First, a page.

Nerd confession: My favorite piece of anatomy is a batch of tendons that connect the papillary muscles to the tricuspid and bicuspid valves in the heart called the chordae tendinae, or heart strings. Their job is very important, essentially to work with the valves to maintain unidirectional blood flow through the heart. But I think the chordae tendinae do more than that. I think heart strings pull our compassion towards a lost cause, tighten and strain under the pains of a broken heart and swell with gratitude, pride and love.
Right now, my chordae tendinae feel like they are under a lot of tension, almost as if they could snap any minute. As I am sure you can imagine, it is uncomfortable.
I feel like my brain was sick of processing stress, so it punted the emotion to my heart. Bad idea, brain. Stress is much more effectively handled with logic rather than emotion. I hate it when my brain acts like an idiot. Letting my heart take on stress just means I cry….a lot.
For those of you with a basic understanding of anatomy and physiology, I know brains don’t punt stress to the heart. But I need metaphor to explain my current state of emotional disarray.
In the 21 days since receiving my official acceptance into the University of Edinburgh I have accepted my financial aid package, applied for my Tier 4 Student Visa, packed, moved, and put my car up for sale. I’ve said goodbye to friends, quit my job, visited my grandparents and taken my little brother to check out a school in California. I’ve planned a travel itinerary, set a budget for my new life, called the Department of Veteran’s Affairs to make sure my GI Bill was properly set up and started looking for studio flats to let.
I forgot one teeny tiny detail: to budget in mistakes.
I’m supposed to be on a plane to NYC tomorrow and on a plane to Edinburgh the day after that.
I booked my tickets in a foolish attempt to save some money by getting them with as much advance notice as possible (right after my conditional acceptance into the program in June), without having information about the visa process and how I would need to have my financial aid approved prior to being able to apply and without understanding the financial aid process and that the US Government wouldn’t even process my loan request until July 1.
Silly me. In light of that, flying out July 23 seems like quite the time crunch.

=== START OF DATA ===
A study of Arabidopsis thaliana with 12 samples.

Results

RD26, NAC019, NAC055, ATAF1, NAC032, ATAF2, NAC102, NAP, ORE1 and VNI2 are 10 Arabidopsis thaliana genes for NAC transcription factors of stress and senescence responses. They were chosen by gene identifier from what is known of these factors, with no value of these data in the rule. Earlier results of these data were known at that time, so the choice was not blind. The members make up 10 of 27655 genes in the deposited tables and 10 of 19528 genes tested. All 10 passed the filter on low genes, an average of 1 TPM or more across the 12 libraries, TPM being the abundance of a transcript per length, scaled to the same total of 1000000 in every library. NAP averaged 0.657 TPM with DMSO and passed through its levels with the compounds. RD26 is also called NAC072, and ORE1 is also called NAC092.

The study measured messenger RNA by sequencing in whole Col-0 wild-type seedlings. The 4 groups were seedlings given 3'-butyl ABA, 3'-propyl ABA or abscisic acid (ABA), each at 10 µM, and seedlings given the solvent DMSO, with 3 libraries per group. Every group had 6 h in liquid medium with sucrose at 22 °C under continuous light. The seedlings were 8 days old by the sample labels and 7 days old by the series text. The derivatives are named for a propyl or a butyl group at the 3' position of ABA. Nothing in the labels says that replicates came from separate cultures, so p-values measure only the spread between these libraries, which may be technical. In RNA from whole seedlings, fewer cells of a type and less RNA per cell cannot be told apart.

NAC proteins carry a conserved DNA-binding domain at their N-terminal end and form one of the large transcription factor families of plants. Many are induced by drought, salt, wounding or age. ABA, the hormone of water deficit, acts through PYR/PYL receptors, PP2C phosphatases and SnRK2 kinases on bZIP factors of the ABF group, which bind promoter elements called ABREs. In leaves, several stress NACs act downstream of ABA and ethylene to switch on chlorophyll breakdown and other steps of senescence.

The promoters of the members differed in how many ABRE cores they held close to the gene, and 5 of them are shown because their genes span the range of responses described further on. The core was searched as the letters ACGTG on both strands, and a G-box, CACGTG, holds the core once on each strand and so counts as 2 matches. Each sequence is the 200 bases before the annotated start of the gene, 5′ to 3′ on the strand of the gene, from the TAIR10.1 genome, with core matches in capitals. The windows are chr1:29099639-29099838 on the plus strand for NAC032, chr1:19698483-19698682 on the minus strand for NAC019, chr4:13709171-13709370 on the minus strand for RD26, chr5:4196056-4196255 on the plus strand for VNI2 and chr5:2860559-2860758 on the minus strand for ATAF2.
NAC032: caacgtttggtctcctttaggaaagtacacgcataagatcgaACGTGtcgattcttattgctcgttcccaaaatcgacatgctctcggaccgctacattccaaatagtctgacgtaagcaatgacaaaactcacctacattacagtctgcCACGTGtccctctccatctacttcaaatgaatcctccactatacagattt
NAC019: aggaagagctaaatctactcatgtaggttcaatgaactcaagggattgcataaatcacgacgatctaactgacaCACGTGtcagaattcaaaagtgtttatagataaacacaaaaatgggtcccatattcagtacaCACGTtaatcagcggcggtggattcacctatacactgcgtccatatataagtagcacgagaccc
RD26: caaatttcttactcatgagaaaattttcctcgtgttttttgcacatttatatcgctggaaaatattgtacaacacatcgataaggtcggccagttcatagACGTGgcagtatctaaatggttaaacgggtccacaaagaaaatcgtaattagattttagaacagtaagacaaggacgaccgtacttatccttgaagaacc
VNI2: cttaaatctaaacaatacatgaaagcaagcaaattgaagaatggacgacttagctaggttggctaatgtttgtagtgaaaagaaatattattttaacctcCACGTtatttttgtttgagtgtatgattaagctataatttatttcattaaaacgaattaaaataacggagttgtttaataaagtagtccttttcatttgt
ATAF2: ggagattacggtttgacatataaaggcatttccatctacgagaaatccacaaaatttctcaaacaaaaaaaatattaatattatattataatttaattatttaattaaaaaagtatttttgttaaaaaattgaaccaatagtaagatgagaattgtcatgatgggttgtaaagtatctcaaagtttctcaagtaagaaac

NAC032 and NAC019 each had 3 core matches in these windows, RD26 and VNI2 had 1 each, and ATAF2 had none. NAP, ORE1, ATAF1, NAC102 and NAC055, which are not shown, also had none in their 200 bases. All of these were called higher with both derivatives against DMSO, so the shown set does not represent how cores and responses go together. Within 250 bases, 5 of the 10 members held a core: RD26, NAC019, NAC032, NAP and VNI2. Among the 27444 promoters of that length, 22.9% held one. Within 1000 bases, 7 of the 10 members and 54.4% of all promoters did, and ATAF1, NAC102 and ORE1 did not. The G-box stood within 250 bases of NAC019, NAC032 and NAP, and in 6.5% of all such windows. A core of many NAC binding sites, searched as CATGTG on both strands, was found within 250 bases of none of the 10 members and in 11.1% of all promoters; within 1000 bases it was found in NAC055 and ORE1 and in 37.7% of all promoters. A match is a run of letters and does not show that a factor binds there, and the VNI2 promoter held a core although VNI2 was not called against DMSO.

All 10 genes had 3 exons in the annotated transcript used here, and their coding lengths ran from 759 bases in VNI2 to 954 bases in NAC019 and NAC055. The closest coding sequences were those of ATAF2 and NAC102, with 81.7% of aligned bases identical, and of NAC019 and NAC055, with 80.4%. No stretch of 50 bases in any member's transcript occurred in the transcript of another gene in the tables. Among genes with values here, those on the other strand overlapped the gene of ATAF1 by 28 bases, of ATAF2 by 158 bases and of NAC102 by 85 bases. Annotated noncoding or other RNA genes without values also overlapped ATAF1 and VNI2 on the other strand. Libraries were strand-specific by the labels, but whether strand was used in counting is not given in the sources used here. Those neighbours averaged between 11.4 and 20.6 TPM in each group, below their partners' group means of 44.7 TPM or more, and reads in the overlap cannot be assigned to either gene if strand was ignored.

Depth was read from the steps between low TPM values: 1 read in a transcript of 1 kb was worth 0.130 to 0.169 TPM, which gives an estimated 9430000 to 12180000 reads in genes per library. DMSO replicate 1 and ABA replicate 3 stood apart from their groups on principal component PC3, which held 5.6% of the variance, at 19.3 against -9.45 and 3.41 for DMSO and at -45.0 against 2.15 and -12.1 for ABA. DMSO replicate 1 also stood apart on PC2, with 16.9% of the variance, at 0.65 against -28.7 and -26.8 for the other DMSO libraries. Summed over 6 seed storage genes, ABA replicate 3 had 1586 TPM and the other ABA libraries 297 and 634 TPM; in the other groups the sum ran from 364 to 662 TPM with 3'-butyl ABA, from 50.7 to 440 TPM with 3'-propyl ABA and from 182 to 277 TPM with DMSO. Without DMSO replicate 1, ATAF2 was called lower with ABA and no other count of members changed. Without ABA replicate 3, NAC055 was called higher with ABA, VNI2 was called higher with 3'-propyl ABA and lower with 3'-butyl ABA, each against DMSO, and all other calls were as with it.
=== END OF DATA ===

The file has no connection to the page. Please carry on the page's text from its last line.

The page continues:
I moved my tickets to January today, thinking a one-way ticket in January would be fine, freeing up my summer/spring travel plans. Aer Lingus charged me $210 for a change fee. Even though I hated to buy a $480 ticket with a $690 credit and pay a $210 transfer fee, I sucked it up and considered the extra $$$ an investment in my sanity. I looked at the extra time I’d been unexpectedly gifted as a way to reorganize the things I am storing at my mom’s, get my car sold and maybe even sell my TV or some plasma to quench the feeling of hemorrhaging so much cash. Plus, now I can make sure I don’t fly through Ireland and mess up my immigration stamp thing. Maybe this was meant to be….
I started to feel like not having to fly tomorrow was a bit of a relief.
After doing some cleaning in my old apartment, my roommate and I went out for a glass of wine. She’s newly engaged and asked me what my school holiday dates were to increase my chances of making it to her wedding. I told her I wasn’t sure about the spring and summer dates, but I could check easily. Looking at the website, I realized that somehow, weeks ago, I had followed a link to the University’s semester dates, not the veterinary school’s. Which, of course, are slightly different.
My bottom lip trembled.
Making mistakes like this is so not like me. I usually keep important information so orderly, written down. Together.
How did I make such a gross error in my travel plans!? My current January ticket has me flying into Edinburgh a full week after the start of my spring semester.
I immediately tried calling Aer Lingus, hoping I could avoid another $210 change fee since I recognized my mistake less than 24 hours from booking. Their office was closed. I’ll call again in the morning and throw myself upon their mercy, testing their dedication to customer service. The thought of paying an additional $210 for a ticket that the rest of the world gets for $480 makes my stomach feel the same way it did when I was in Mexico, sucking on limes for an hour to whiten my teeth and then drinking milk to quench my thirst. Ugh. That was a crap day.
I know I’m stressed. Every straw has felt like my last straw lately and it takes nothing to break me down.
I cried almost the whole day when I sent in my visa application. I couldn’t find my Confirmation of Acceptance (CAS) number necessary for completing Appendix 8. I looked everywhere: My personal e-mail, my university e-mail, my university profile, my application tracker, all the papers I’d received via Royal Mail. I finally reached out to the facebook group of my future classmates hoping someone was at least close enough to my time zone to clue me in. Sure enough, it was in another logon – one I had forgotten I even had.
I like to keep everything in one place. I have a binder of all my important documents. Having all my information in different electronic places and struggling to navigate the university website is getting to me. I’ll probably go on a printing-highlighting-epic-binder-updating spree tomorrow just to feel like I am in control again. Right now, I’m just feeling out of synch with the cosmos.
I tell myself to relax, to cut myself some slack. I mean, if I had applied and gotten in normally, I would have had months to plan this move, not weeks. All things considered, I’m probably doing great. Right now, I feel like I’m failing vet school’s first exam: showing up.